Not a single mega public project has been completed in the garrison city of Rawalpindi in the last four years.
The city, which has more than two million inhabitants, is a Pakistan Muslim League-Nawaz (PML-N) stronghold and is the country’s fourth largest city. Owing to the seeming non-interest of Punjab government in the city’s matters, citizen groups have made repeated demands for the restoration of the local government system, which, in their view, did a better job.
There are six National Assembly members (MNA) and 14 Punjab Assembly members (MPA) elected from Rawalpindi district. The annual grant for each MPA is Rs29 million, while MNAs get Rs22 million each. The total funds available with these representatives comes out to about Rs538 million.
However, according to the data from the previous financial year, the civic agencies in Rawalpindi utilised less than 40 per cent of available development funds.
Khurran Aftab, a resident of Satellite Town, told The Express Tribune, “Not a single project of public importance had been completed since the local government system was abolished.”
In his opinion, projects such as the construction of Leh Expressway, Tuberculosis Hospital, Judicial Complex, the widening of Murree Road, construction of a boys college and parking plazas are “glaring” examples of the Punjab government’s negligence.
A project for replacement of old pipelines and another for installation of a sewage treatment plant are also up in the air.
“Even the renovation of the city’s link roads has not been completed in many areas,” another resident of the area lamented.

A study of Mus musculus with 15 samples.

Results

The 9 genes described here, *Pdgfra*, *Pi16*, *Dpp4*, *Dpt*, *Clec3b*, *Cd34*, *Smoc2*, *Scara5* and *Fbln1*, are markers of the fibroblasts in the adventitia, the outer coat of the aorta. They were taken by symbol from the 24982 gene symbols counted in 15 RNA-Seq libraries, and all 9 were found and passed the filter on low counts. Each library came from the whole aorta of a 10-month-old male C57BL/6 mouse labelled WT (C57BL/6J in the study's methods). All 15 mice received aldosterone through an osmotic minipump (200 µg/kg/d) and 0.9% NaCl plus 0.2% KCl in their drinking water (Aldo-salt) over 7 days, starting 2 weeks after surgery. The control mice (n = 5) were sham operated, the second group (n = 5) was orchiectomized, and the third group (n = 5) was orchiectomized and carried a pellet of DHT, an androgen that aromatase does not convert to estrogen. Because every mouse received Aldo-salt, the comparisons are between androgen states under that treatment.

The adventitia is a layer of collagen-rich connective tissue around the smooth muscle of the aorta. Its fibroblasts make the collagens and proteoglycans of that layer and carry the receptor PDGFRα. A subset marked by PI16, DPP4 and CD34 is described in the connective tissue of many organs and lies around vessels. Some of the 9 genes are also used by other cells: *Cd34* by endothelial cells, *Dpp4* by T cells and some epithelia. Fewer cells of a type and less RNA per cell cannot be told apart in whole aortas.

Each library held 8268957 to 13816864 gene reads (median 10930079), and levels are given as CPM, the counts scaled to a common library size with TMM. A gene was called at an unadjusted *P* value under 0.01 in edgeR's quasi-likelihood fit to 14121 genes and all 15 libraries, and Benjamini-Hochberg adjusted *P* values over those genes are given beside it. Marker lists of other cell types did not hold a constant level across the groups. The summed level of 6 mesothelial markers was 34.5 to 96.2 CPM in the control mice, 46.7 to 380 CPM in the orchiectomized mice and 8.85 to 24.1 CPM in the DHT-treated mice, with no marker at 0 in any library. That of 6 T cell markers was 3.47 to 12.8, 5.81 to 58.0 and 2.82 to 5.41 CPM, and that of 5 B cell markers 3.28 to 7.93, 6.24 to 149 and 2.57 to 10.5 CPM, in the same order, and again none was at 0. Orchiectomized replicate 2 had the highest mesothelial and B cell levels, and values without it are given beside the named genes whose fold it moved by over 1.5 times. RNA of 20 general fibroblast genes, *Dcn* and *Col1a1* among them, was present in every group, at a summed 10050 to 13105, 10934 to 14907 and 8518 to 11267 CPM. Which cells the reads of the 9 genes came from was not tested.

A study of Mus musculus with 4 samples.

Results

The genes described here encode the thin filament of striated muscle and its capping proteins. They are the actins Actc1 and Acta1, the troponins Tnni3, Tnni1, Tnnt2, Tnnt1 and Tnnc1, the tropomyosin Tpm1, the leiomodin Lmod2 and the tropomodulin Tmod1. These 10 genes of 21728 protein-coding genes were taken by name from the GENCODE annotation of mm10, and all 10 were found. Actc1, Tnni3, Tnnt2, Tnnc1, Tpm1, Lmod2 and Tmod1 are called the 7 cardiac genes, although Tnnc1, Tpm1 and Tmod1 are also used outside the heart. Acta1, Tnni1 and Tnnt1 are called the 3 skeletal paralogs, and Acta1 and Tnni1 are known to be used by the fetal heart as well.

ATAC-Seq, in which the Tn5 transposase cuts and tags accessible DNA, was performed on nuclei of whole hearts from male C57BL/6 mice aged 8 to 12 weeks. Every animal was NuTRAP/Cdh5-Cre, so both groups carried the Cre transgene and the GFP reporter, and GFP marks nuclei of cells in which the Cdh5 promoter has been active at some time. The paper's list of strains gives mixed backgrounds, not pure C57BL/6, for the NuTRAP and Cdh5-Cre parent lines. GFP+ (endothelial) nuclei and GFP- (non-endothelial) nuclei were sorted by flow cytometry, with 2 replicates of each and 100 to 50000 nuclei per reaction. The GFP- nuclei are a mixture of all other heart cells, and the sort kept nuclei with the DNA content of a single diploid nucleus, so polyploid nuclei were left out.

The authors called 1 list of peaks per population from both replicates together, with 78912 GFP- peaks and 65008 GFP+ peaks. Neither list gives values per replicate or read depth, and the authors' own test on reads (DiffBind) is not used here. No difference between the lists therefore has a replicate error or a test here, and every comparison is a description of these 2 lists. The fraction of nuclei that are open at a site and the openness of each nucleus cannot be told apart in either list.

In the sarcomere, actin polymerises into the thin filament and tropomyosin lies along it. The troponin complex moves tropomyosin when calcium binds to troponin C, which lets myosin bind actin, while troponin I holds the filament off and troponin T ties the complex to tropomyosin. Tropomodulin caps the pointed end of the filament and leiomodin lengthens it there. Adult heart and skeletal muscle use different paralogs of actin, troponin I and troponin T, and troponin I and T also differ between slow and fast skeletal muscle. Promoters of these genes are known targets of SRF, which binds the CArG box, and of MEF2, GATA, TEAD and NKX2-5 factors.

Public representatives and executing agencies keep shifting the blame on each other. To avoid public criticism, politicos present numerous excuses for the delay in the completion of various ongoing development schemes. They claim that the provincial government released Rs4.680 billion during the current financial year, of which Rs2.88 billion (about 60 per cent) remained unutilised due to the laxity of contractors.
However, Government Contractors Association Rawalpindi Chairman Chaudhry Abdul Hafeez said, “Projects were delayed because the contractors were not paid their arrears on time.”
According to official figures released by District Coordination Officer (DCO) Saqib Zafar, a total of 1,819 schemes were initiated in 2010-11, out of which 695 were completed, while the rest remain unfinished. The estimated cost of the projects notified by the MNAs and MPAs was Rs17.080 billion.
MNA Hanif Abbasi claimed that “record development work” has been completed during the last three years in Rawalpindi, especially in NA-56, his constituency. Projects include the construction of water filtration plants, tube wells, construction of new blocks in Hashmat Ali College and other educational institutions.
MNA Malik Shakeel Awan said that there was a long list of development projects that were completed during the PML-N tenure.
Published in The Express Tribune, August 28th, 2011.